Lipids play numerous different roles in health and disease. Some lipids function as metabolic fuels for energy homeostasis, others act as components of cell membranes and some serve as signalling molecules. Neutral lipids relevant for energy homeostasis, such as triglycerides and cholestryl esters, are stored inside cells within lipid droplets.
These lipid droplets are important organelles consisting of a neutral lipid core surrounded by a phospholipid monolayer containing lipases and many other proteins regulating fat metabolism. Current work in the lab explores the physiological roles of lipid droplets in a number of different biological contexts and disease models.
Research in the lab has identified an unexpected role for lipid droplets as an antioxidant organelle. This research began with the observation that lipid droplets in the developing Drosophila CNS are induced by reactive oxygen species (ROS) generated by environmental exposure to hypoxia and other pro-oxidants.
Lipid droplets form in the glia of the stem cell (neuroblast) niche during oxidative stress and function to limit ROS levels and to inhibit the peroxidation of polyunsaturated fatty acids (PUFAs). These droplets protect glia and also neuroblasts from peroxidation chain reactions that can damage many types of macromolecules. The underlying antioxidant mechanism involves diverting PUFAs, including diet-derived linoleic acid, away from membranes to the core of lipid droplets, where they are less vulnerable to peroxidation. We are now testing whether the antioxidant role for lipid droplets is relevant in other Drosophila and mammalian contexts.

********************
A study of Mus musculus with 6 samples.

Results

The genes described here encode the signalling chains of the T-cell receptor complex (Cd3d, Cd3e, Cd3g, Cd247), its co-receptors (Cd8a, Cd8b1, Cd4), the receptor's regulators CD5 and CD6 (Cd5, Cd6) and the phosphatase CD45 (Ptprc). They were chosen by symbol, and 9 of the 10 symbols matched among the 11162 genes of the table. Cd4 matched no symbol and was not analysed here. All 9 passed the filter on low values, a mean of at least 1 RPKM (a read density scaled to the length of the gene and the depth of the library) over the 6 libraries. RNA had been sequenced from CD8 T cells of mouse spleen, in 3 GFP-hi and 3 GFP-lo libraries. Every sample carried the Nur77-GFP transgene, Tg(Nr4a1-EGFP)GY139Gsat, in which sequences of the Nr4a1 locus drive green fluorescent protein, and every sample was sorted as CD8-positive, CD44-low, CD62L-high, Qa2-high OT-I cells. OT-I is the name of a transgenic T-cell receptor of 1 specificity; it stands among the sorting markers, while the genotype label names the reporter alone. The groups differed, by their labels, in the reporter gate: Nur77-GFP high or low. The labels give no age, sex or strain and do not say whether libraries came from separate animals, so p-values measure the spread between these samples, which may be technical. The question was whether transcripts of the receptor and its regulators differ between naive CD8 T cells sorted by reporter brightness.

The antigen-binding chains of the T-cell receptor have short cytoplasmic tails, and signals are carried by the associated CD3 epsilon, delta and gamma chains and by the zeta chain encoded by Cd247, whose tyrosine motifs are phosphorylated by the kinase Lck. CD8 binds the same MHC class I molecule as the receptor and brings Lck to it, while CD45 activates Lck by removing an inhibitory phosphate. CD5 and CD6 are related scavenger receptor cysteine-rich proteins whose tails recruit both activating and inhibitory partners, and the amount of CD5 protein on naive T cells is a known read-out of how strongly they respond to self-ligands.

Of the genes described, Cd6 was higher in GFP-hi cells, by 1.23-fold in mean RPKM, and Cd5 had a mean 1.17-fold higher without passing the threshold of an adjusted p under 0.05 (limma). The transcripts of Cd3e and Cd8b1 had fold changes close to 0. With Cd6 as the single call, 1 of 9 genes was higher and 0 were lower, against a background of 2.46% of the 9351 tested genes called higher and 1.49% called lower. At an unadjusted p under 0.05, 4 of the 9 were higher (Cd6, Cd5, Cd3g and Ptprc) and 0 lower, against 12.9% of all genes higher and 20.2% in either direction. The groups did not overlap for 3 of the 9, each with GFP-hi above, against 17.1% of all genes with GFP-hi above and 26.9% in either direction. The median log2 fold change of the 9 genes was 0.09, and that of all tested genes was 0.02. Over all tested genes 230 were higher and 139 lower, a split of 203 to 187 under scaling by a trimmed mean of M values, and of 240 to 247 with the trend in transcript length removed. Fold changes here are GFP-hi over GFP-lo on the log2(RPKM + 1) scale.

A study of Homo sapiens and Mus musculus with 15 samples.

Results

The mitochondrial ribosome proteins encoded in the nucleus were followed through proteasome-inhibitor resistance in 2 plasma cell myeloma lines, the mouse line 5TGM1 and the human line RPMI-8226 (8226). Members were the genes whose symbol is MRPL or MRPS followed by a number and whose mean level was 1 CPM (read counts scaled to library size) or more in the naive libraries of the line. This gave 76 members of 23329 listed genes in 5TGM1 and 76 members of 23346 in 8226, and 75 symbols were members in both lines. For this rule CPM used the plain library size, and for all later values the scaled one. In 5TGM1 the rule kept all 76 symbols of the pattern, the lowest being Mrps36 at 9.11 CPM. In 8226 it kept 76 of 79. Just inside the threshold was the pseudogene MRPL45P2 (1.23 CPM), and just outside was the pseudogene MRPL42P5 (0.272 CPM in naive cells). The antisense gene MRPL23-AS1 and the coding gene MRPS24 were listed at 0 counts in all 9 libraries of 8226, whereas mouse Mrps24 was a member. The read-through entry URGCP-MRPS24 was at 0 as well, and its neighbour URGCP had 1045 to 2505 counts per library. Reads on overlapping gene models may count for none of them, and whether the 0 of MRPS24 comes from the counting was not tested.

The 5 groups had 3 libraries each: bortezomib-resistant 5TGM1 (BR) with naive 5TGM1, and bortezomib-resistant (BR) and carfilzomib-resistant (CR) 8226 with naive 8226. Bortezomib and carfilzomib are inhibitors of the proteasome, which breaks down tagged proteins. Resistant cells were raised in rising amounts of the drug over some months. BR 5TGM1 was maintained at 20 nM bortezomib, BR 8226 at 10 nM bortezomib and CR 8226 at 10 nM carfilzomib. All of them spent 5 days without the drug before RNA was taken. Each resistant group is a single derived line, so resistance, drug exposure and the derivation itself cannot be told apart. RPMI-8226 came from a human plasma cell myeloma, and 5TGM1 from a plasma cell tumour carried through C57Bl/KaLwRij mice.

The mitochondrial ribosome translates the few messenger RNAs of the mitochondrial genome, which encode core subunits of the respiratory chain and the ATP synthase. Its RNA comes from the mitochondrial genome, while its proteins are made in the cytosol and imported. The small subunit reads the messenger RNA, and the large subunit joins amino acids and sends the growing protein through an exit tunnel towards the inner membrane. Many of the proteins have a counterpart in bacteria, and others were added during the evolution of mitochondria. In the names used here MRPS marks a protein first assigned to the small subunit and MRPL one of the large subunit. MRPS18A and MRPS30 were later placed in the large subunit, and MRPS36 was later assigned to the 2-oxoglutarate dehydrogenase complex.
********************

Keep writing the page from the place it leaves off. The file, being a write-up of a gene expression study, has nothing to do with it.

Oenocytes are mysterious insect cells that were first observed in the 1850s but whose functions remained elusive until the 2000s. We discovered that Drosophila oenocytes express genes indicative of highly specialized role(s) in fatty acid metabolism and that they are essential for the growth of the larva. We found that they accumulate lipid droplets during starvation by a mechanism that requires fat mobilization from the major insect adipose store, the fat body. Hence, at least in terms of nutritional regulation, there are interesting similarities between the mammalian adipose-liver and the insect fat body-oenocyte axes.
The physiological functions of oenocytes appear to be linked to their ability to synthesize very long chain fatty acids (VLCFAs). Other labs have shown that, in larvae, oenocyte VLCFAs are involved in tracheal waterproofing and that, in adults, they are metabolized into pheromones. Our current work in this area focuses on identifying the mechanisms by which dietary nutrients regulate oenocytes.